In the Missouri car accident case of Abigbe v Main, we represented the Plaintiff, a taxi cab driver that was t-boned at a St Louis intersection. It was a hard fought case as the insurance company, State Farm, insisted that our client’s injuries were minor injuries and the case was worth no more than $18,200. (see offer of 18,200) Once we had the case prepared and ready for trial, State Farm insurance realized they had to settle for the insurance policy limits of $100,000 and they did. (see 100k settlement).
This case is an example of what an insurance company will do to try and settle a case for pennies on the dollar. Had we not fought hard for our client he would have received a small settlement. Our primary value driver of the case was the inference that the other driver was drunk at the time of the car accident. She was not arrested or even charged with a DWI, additionally, the police report did not even mention anything about alcohol. However, our investigation revealed that the driver was probably drinking and we gathered the evidence to prove it.
At her deposition, the defendant driver denied she ran a red light and testified to several facts that were directly contradicted by a very important witness, a Federal Park Ranger that was following the driver before the crash and witnessed the entire intersection accident including watching the driver speeding and run a red light.
The Ranger testified that the defendant driver was driving “well over the speed limit” that she ran the red light which turned red “well before she reached the intersection”, the Ranger had ample opportunity to observe her and opined that she was intoxicated as well as had “alcohol on her breath” and a “chemical smell” coming from her which he testified was marijuana.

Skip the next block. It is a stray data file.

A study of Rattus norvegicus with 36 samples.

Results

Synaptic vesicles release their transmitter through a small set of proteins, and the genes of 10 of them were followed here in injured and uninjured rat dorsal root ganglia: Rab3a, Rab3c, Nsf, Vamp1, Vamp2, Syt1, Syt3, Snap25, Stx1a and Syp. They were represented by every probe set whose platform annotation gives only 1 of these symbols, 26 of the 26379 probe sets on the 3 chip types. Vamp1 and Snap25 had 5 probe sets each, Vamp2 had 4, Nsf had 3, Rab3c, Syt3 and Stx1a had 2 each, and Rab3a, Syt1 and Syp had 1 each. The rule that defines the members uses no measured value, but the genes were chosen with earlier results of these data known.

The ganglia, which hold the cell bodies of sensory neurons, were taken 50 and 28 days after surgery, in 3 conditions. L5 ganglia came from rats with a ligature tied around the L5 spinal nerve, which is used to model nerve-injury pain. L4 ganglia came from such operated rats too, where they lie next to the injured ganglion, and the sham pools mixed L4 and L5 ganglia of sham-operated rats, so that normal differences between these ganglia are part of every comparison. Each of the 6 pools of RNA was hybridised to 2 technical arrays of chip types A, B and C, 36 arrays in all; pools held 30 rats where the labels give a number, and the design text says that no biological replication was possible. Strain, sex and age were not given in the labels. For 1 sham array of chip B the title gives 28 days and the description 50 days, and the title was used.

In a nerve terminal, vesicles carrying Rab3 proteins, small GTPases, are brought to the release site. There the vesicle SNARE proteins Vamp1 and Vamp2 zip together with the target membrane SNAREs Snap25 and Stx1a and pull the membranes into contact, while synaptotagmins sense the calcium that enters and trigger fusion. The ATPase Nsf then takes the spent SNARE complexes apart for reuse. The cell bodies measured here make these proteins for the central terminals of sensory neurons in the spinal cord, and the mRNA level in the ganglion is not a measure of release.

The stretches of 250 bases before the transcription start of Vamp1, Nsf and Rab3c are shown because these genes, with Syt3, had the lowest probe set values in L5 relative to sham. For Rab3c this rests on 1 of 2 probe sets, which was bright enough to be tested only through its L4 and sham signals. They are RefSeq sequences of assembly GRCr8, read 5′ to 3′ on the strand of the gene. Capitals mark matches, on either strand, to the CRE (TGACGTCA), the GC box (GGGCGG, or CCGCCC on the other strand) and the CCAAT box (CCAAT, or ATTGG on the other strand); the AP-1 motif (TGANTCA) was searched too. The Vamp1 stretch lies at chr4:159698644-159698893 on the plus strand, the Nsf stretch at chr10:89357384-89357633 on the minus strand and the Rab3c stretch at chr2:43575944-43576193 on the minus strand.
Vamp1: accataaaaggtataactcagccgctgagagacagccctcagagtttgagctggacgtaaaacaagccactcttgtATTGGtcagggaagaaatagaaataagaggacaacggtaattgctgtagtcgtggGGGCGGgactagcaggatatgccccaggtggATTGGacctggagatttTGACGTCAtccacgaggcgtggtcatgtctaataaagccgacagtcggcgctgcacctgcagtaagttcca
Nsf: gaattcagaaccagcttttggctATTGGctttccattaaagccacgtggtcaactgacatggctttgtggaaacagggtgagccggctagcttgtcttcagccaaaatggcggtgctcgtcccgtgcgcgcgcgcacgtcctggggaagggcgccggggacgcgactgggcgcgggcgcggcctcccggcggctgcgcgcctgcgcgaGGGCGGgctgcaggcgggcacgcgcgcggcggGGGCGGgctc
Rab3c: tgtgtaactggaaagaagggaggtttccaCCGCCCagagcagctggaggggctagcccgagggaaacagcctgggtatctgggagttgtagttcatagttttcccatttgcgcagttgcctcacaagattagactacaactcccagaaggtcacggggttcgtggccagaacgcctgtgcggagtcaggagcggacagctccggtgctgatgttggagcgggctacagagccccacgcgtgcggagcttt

Missouri law allows non-law enforcement witnesses and law enforcement witnesses to testify regarding observations of intoxication. To name just a few cases to show what must be done to get this evidence in front of a jury see:
- Zempel v Slater, 182 SW 3d 609 (2005), the police officer allowed to testify that he detected a “slight” or “faint” odor of alcohol on the defendant when talking with him after the motorcycle accident.
- Bohn v James, 573 SW 2d 448, 449 (1978), speeding and not keeping proper lookout is erratic driving thus allowing testimony from the Plaintiff at trial that following the collision he detected alcohol on defendant’s breath.
- Boehm v. St Louis Public Service Co., 368 S.W. 2d 361 (1963), running a stop sign, no headlights at night is erratic driving thus allowing testimony from medical records stating alcohol on breath to be admissible at trial.
- Cheatham v Chartrau, 176 S.W.2d 865 (1944), Truck “zig-zagging and wobbling” is evidence of erratic driving thus allowing testimony from witnesses observing intoxication.
The Park Ranger’s testimony would not only be allowed at a trial, but would have been especially credible as he is also extensively trained in DWI enforcement. Many people may not realize, but DWI enforcement oat the St Louis Landing area is primarily done by the Federal Park Rangers as much of the property is on or adjacent to the St Louis arch, particularly the parking garages, which is Federal property.
- How do you prove the other driver was drunk?
- Sansone gets 2.3 MILLION dollar judgment against drunk driver
Injured in a car accident? Don’t try to settle by yourself, hire an experienced personal injury lawyer to maximize your case value. Call for a free case evaluation at (314) 863-0500 or contact us online.